Whether it’s putting money towards college, saving up for their first car, or helping out the family, many teenagers find themselves working part-time jobs on top of their studies. It’s a common part of the teenage experience. Unfortunately, young age does not prevent injury, and teenagers can get hurt at work just like anyone else. So before you get to work, it’s a good idea to know your rights especially on workers compensation for minors.
Is There Workers' Compensation For Minors?
In the U.S. all minors must be covered by workers’ compensation. In some states such as North Carolina, workers under the age of 18 are given additional protections.
For instance, in a regular workers’ comp case, your benefits will usually be calculated based on the amount you have made over the past year. However, if the case involves a minor, benefits will be determined according to their future earning capacity. In other words, they will look at how much the minor would be making if they’d been promoted as an adult.
It’s also important to note that in the case of permanent partial disability or permanent total disability cases, you may need to have a legal parent or guardian appear in court.
What if A Minor Becomes Injured in A Job They Are Prohibited To Work In?
In most cases, it is illegal for a minor to perform certain types of work. For example, some occupations require a person to be 18 years of age or older. Other jobs prohibit minors from performing certain tasks, such as operating heavy machinery or driving a vehicle. And still others forbid minors from working outside of school hours.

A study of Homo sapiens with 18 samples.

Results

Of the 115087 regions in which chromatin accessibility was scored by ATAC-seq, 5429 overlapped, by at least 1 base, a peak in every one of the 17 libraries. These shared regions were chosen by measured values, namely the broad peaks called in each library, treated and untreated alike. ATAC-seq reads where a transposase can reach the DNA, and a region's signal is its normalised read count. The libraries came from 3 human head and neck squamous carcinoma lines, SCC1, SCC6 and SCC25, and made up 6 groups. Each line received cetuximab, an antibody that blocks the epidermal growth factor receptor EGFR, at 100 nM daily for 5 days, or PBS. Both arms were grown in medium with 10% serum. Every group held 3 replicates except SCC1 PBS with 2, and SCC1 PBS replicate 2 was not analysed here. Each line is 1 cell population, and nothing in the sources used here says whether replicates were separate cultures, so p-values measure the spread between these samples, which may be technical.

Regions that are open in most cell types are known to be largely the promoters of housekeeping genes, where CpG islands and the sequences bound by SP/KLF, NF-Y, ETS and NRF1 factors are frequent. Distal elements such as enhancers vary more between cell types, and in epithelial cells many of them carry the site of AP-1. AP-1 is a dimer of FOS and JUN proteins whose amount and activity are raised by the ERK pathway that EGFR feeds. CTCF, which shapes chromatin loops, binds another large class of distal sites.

If a minor, despite the fact that he or she is violating the law, is injured while working in an employment situation where he or she is prohibited from doing so, the employer must pay workers' compensation benefits.
Even though a minor violates the law by working in an occupation or under conditions where he or she is not permitted to do so, the employer is liable for paying workers' compensation benefits if the minor sustains an injury while on the job. Add to that, if you employ a minor in an occupation that is prohibited by state law, you may also be subject to civil penalties and/or criminal charges.
Getting a job as a teenager can be a significant first step into the adult world. As such, it’s important to be aware of your rights and know what you should do if you’re hurt on the job. Don’t hesitate to speak to an experienced attorney. We can help guide you through your case and ensure that your rights are being protected.